Piecing Basics in Quilt Making
Quilting starts with patchwork. Patchwork is the process of cutting up the fabric and then putting it back together making different shapes.
Some people make what are called "Whole cloth quilts." These are quilts made of a solid piece of fabric. The beauty in these fabrics comes from the quilting pattern. Most of these quilts are hand quilted. Many hours of labor go into these quilts, and they are quite beautiful
There are rules you must follow when you work with fabric. Here are a few of them in alphabetical order.
You must perfect the 1/4 inch seam in order for your pieces to fit correctly. Have you every wondered why you are told to sew a "scant" quarter inch seam? That is because when you press the seam to one side, some of the fabric is taken up in the fold.
There are places on quilt blocks where you must have 1/4 inch from the end of a point to the end of the fabric. Notice in the flying geese quilt block below the top of the fabric where it comes to a point. You must have a 1/4 seam allowance there, so that when you join the top of the flying geese to another block you don't cut off the point. However, on the bottom of the block you will be joining a piece to both the side and the bottom. You can see by the drawn lines that you don't need a seam allowance for the pieces to join properly. After you sew the side and bottom seam, you will have a good corner.
You cannot be a good quilter and be sloppy. You must be accurate. If you are off just 1/8 of an inch per block, and you have 8 blocks in a row, your row is going to be off close to an inch. There is nothing more frustrating than trying to fit together blocks or rows that are not the same size.
These are small squares put at the junction where the corners of 4 quilt squares meet. They are used with sashing strips to separate individual blocks.
Chain piecing means that you are working on multiple blocks at one time, doing the same step. You just put one piece after another under the presser foot and keep sewing without stopping or breaking the thread. It speeds up the patchwork process.
100% cotton is the ideal quilting fabric. Cotton holds creases well. This makes both finger pressing and ironing easier. Cotton is also durable, and washes well.
Design boards usually made of plywood and covered with fleece or flannel type fabric. You can put quilt blocks on them, and they hold without pins. There are used to put up fabric or blocks and look at them before making a fabric or color decision. You can make a very frugal and portable design board by just using the flannel back of a shower curtain.
Fussy cutting is when you cut a particular section of fabric out of a piece of fabric, even if it is in the middle of the fabric. Usually it is a design that you want to show off, and place in the middle of your quilt block.
When you sew two pieces of fabric together that have seams in the same place, the seams should be pressed in opposite directions to remove bulk.
Not every seam needs to be pinned. Some quilters are quite confident holding two seams together. However, other very experienced quilters pin both before and after points that must match. Besides the obvious seams that need matching, be careful when you come to the end of the seam. When you start a seam, you are usually very precise. However, it is very easy to veer off at the end.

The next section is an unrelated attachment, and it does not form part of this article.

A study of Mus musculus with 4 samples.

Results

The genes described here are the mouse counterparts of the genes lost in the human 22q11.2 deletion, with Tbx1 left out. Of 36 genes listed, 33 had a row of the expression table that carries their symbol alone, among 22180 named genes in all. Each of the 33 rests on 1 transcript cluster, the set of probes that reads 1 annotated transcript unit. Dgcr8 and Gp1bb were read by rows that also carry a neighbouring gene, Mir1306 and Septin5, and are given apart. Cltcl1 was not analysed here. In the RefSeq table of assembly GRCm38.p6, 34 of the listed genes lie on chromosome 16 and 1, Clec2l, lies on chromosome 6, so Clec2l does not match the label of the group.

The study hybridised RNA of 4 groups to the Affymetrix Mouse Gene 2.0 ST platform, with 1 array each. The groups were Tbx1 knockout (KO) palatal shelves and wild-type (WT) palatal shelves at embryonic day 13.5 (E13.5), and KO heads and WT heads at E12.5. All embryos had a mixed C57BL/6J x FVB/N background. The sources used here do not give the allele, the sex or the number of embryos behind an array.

Be sure and read the page on pressing fabric Nothing can ruin a quilt block faster than over pressing. More is not better.
Think ahead. You are going to have to either tie or machine quilt your work. If you have the money, you can send it out for machine quilting. However, it you are doing it yourself, plan ahead how you will quilt it, as it may affect your design.
Raw vs. Finished
Be sure and read the section on Raw vs. Finished sizes. This is so important that the words raw and finished will also be in bold print on these pages.
No matter how experienced you are, you will be using your seam ripper. In fact, sometimes you sew seams that you know you will be taking out. The correct way to remove a seam is to cut the stitch every half inch or so. Then then pull it open. Sometimes it will just pull right apart.
If you are making a very structured quilt with an all over color scheme, make a test block first to make sure you like it. Put it up on the wall for a few days. You don't want to spend hours making something you are not going to like.
Sashing strips are put in between blocks to separate them. This is usually done either to highlight a block by framing it, or to unify blocks in a quilt.
Not all fabrics lend themselves to piecing. Fabrics that are solid or read solid from the distance are ideal. Small scale, uniform prints are next. Batiks and other designs work on most blocks. As long as your pattern shows in the block, you can use the fabric. Here is an example of a bad piecing print, and a good one.
If you are making a quilt out of nothing but squares, vary the scale of your prints to give your quilt more interest. Adding plaids and stripes is also desirable. Some of your fabrics will be "stars", and other fabric will be the "workers". The "workers" are more solid and less interesting, but the supporting cast for the "stars." Too many "stars" makes for a busy quilt.
Strip piecing is done by cutting long strips of fabric and sewing them together. It is a quick way to many blocks. The illustration to the left is from the Irish Chain Page.
Long strips of fabric are pieced together, and then cut apart. In the illustration to the left, a 9 patch is being made. This is the first strip set.
The second strip set would have white on the outsides and one black strip in the middle.
In this strip set, the long strips are cut 2 1/2 inches, sewn together, and then cut again at 2 1/2 inches. This gives you your rows. You do it for both strip sets, and then join them together for your block. See the Irish Chain Page.